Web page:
BRUSSELS — The Brexit brawl kicked into high gear Friday on sticking points over Northern Ireland and French fishing, coming almost a year after a deal on a free trade agreement was supposed to have officially sealed the separation between the European Union and the United Kingdom.
The top Brexit negotiators from both sides entered talks again, with troublesome trade issues in Northern Ireland taking center stage. If they fail to find a common solution, the suspension of the trade deal and even retaliatory measures might be possible between the two. The EU is looking for a deal by Christmas.
“Obviously, there is still quite a big gap. And that’s what we’ve got to work through,” U.K. chief negotiator David Frost said as he entered a lunch meeting with his EU counterpart, Maros Sefcovic.
Making matters worse, fish also might be pushed onto the menu, with French fishermen more vocal about blocking ports over what they see as British duplicitousness in refusing to grant them all the fishing licenses they want.
While fishing licenses might be easily solved with some goodwill, the standoff over Northern Ireland is different and fundamental.
Northern Ireland is U.K. territory but effectively remained part of the EU’s borderless trading market for goods when the U.K. left the bloc last year, causing practical problems for businesses and institutional wrangling over which side is in charge of what.
The U.K. also is insisting the EU cede final legal oversight by its top court of any disputes on Northern Ireland trade and instead make them subject to independent arbitration, something the 27-nation bloc is flatly rejecting.
“The governance arrangements as we have them don’t work,” Frost said. “We need to take the (EU) court out of the system as it is now, and we need to find a better way forward.”
Beyond rejecting any moves on the court, the EU is proposing concessions to the U.K. on how to ease transport and customs between Britain and Northern Ireland.
Under the new rules put in place this year, goods must be checked between Britain and Northern Ireland and meet EU standards. Sefcovic proposed changes that he said could cut checks on food, plants and animals by 80% and paperwork for transport companies in half.
He said some trucks crossing the Irish Sea from Britain into Northern Ireland could see their red tape reduced from 100 forms to just one.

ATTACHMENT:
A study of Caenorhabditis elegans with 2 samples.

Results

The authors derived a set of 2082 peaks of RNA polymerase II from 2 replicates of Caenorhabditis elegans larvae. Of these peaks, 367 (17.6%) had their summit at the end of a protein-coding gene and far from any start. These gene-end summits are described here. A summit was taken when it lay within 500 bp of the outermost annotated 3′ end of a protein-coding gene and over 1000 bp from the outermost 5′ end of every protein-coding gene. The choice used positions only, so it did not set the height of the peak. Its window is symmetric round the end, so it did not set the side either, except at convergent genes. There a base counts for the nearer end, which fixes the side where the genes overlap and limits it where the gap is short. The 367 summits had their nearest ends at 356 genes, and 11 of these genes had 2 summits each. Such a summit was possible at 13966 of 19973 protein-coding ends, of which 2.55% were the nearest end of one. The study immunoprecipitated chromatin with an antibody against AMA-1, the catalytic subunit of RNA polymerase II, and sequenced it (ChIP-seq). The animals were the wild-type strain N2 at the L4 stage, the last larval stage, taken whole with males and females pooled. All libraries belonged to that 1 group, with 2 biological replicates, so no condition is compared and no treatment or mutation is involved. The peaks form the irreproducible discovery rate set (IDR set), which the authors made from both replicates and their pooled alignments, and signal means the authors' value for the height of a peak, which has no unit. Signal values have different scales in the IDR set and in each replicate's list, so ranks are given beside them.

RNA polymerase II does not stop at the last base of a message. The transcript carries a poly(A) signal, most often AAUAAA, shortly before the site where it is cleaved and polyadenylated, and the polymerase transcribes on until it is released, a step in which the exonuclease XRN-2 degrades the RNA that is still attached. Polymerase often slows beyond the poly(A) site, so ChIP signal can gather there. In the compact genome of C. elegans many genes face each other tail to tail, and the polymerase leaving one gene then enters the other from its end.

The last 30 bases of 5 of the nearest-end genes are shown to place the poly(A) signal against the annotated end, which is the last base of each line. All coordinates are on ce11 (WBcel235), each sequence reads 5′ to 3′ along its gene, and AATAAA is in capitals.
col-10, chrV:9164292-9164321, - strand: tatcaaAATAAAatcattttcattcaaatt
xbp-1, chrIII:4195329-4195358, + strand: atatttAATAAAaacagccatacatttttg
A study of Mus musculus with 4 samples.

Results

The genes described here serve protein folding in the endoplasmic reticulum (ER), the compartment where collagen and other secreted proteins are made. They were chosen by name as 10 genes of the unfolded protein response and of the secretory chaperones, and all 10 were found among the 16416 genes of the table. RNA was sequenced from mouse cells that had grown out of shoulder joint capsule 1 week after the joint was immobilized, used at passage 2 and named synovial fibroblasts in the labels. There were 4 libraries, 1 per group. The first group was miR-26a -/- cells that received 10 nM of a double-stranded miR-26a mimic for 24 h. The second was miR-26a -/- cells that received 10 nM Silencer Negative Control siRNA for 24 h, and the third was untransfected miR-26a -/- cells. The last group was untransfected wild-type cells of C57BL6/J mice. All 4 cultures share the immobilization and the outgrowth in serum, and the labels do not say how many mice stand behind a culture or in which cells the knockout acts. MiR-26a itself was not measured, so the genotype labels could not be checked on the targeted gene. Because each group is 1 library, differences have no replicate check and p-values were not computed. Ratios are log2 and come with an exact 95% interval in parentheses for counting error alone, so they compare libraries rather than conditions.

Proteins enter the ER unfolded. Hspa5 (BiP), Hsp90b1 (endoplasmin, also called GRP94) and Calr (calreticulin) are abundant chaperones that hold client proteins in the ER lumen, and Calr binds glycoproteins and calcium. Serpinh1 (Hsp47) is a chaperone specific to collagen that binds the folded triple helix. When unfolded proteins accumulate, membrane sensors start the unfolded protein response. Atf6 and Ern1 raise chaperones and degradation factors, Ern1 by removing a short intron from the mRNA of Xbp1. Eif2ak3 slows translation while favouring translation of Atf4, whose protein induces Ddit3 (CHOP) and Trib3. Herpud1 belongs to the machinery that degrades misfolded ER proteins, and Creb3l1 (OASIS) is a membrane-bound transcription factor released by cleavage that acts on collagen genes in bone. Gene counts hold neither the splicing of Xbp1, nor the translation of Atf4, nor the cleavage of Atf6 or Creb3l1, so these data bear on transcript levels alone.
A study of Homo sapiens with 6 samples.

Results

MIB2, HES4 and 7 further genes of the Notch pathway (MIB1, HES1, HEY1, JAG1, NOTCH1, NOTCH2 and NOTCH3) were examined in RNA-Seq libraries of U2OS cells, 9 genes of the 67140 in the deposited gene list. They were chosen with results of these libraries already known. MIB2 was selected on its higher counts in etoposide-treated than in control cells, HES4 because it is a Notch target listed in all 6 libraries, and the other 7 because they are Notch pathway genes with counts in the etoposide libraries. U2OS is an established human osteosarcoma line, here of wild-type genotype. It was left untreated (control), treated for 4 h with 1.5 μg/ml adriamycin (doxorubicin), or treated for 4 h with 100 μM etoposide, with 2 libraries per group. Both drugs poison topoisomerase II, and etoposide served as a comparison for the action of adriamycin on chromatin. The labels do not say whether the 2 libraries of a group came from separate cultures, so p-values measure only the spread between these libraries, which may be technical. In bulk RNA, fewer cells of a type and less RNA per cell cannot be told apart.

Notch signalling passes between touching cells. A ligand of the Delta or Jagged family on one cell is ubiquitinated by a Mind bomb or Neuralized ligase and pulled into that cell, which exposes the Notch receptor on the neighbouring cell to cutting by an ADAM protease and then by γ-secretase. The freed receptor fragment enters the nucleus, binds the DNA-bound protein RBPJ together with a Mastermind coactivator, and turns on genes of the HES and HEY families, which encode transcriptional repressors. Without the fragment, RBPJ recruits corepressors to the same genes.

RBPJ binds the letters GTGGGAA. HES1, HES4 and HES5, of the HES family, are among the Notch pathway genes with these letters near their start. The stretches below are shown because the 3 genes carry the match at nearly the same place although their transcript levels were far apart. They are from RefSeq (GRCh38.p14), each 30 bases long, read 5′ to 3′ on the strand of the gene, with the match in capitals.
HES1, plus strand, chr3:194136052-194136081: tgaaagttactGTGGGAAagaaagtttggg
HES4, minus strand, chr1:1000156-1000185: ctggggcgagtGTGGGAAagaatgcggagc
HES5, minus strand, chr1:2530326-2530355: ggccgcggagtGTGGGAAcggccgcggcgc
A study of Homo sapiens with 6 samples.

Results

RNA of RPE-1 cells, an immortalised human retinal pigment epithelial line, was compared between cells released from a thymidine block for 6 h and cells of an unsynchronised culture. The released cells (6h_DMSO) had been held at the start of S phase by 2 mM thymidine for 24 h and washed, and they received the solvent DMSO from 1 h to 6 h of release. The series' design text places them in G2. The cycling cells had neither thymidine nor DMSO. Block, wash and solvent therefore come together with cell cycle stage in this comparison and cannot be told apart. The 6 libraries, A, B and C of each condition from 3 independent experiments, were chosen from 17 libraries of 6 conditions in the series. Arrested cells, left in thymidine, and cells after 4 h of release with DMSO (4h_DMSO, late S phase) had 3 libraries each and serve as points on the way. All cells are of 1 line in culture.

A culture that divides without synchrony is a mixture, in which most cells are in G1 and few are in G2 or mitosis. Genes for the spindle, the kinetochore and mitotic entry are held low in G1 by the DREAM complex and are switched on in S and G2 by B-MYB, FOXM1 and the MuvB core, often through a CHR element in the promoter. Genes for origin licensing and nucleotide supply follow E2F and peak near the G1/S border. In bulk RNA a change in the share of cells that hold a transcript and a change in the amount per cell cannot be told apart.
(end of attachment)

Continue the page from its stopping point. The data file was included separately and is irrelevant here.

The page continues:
Frost acknowledged that the EU had seized the initiative.
“The EU have definitely made a good effort in pushing beyond where they typically go in these areas, and we’re quite encouraged by that, but obviously there is still quite a big gap,” he said.
If Sefcovic is putting forward only adaptations to the so-called Northern Ireland Protocol, the U.K. is looking for a full renegotiation.
Germany supported Sefcovic, with government spokeswoman Martina Fietz saying in Berlin that “we reject a renegotiation of the protocol. We agree with the European Commission and the other EU member states on this.”
After visiting Northern Ireland on Thursday, Sefcovic sounded more optimistic.
“I believe that we could be in the home stretch with our proposals on the table,” Sefcovic told the BBC. “Let’s try to solve all these issues before Christmas, because I think that would be the best Christmas gift we can give to the people of Northern Ireland.”
The fishing issue, however, is making post-Brexit relations even tougher, especially with key EU member state France.
France wants its EU partners to act as one if London won’t grant more licenses for small French fishing boats to roam close to the U.K. crown dependencies of Jersey and Guernsey, just off France’s Normandy coast.
French fishermen on the English Channel are threatening blockades in ports like Calais and Boulogne, something that could have a quick and direct impact on trade with the U.K.
“We were promised to be able to go fishing in English waters, but since January 1, it’s forbidden to us. We’re losing 50% of our income,” said Pierre-Yves Dachicourt, a French fisherman from the northern Channel town of Boulogne.
“We’re going to consider direct action, because this has to end,” he added. “We can’t live like that.”